With H-1B filing season over and the lottery completed on April 11th, 2019, it is now time to wait – and to prepare.

USCIS notifies those who have been selected in the H-1B lottery first, and premium processing cases are expected to be alerted that they were selected by the first week of June, with rejection receipts expected to finally arrive at the end of July.  While beneficiaries cannot contact USCIS directly about their petitions, lawyers and employers can.  Another way to tell if your petition, or if your employee or client’s petition was accepted in the lottery is to check the bank account from which the processing fee check was written to see if it was deposited.  If it was deposited, the petition was accepted.  Again, you may not be able to tell for some months now.

This is not the time to wait.  This is the time to formulate a plan to answer any RFEs or Denial that you or your employee or client may receive.  We anticipate this year to follow the same trends as last year with high RFE and Denial rates, especially effecting Indian beneficiaries, computer programmers, and workers making level one wages. 

According to the National Foundation for American Policy, in the first quarter of 2017 the RFE rate for H-1B petitions was 17.3%.  By the fourth quarter, the rate had jumped to 68.9%.  Looking at last year, the first quarter of 2018 saw a 19.8% rate of rejection for H-1B petitions.  That number climbed to 22.4% by the fourth quarter.

If you or your employee or client is selected in the H-1B lottery, there is a very high chance they will receive and RFE or Denial.  This year, in a USCIS memorandum, adjudicators have been given the authority and encouragement to deny visa petitions outright without first requesting evidence.  We do not know how this will play out in reality, but while a Denial is harder to overturn than an RFE, it is NOT the end of the road.  H-1B RFEs and Denials are successfully answered every year.  It is much easier to do when you plan ahead.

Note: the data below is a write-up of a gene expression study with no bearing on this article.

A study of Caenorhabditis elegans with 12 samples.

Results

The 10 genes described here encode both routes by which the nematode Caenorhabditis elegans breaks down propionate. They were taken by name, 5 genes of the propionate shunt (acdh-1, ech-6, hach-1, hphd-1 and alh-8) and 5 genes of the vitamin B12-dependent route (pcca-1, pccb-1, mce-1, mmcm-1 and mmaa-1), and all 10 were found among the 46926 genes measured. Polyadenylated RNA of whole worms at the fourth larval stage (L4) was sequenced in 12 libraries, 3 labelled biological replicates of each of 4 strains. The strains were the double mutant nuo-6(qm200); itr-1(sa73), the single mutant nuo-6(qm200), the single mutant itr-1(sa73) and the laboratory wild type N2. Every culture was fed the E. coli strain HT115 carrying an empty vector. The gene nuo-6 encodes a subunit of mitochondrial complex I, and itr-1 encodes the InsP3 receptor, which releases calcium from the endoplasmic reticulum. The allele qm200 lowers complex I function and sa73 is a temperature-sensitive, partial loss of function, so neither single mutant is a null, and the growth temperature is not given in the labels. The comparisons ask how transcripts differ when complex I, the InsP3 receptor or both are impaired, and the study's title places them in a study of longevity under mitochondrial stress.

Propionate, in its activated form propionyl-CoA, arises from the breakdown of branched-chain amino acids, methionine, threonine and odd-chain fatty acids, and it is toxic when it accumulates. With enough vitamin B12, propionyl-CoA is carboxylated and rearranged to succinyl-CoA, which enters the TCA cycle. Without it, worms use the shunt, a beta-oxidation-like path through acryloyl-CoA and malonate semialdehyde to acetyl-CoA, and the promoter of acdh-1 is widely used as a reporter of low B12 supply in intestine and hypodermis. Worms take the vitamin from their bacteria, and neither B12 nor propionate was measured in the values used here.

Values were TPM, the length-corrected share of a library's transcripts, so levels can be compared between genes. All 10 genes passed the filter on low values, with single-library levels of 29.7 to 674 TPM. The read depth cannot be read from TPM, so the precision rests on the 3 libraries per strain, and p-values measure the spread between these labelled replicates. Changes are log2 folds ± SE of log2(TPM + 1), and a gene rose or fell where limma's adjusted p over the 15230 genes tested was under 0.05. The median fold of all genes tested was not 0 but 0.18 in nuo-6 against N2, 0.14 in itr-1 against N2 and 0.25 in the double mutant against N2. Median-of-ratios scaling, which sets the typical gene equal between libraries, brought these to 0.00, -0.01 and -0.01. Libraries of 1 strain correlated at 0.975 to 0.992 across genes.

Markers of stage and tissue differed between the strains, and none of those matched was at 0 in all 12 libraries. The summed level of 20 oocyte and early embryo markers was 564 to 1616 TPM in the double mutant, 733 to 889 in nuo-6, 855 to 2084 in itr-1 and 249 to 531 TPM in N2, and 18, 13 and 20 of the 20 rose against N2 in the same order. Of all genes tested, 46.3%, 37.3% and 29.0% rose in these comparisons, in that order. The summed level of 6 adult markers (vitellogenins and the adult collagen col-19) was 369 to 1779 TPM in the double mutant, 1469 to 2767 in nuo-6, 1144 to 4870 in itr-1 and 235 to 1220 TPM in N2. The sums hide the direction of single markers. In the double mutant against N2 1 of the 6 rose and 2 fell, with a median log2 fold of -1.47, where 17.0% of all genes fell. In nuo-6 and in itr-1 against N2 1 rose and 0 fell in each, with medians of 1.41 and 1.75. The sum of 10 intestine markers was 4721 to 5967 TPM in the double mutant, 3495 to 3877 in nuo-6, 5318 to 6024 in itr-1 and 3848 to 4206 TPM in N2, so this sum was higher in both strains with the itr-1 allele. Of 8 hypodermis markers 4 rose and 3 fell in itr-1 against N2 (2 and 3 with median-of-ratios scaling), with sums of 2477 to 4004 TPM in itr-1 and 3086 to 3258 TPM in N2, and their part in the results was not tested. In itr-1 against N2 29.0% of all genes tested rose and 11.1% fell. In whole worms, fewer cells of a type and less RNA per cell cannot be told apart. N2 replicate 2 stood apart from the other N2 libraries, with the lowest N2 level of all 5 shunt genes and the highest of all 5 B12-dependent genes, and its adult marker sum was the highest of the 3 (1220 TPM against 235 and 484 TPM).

The key is to identify where in your client’s case USCIS is likely to find red flags based on H-1B eligibility requirements and USCIS approval trends.  Petitions from Indian beneficiaries – especially those with three-year Indian bachelor’s degrees – tend to attract RFEs.  Computer programmers, especially those making level one wages tend to attract RFEs.  Candidates with incomplete college, a generalized degree, or a degree specialization that does not match the field of the H-1B job tend to attract RFEs.  These are just a few examples.

At TheDegreePeople.com we work with difficult RFEs every year and we get them overturned with the right credential evaluations and expert opinion letters.  We advise beneficiaries and their teams on what evidence, forms, and documentation they need to proceed, and we come up with creative solutions to virtually impossible RFEs to get them overturned.  For a free review of your case visit HERE.  We will get back to you in 48 hours or less.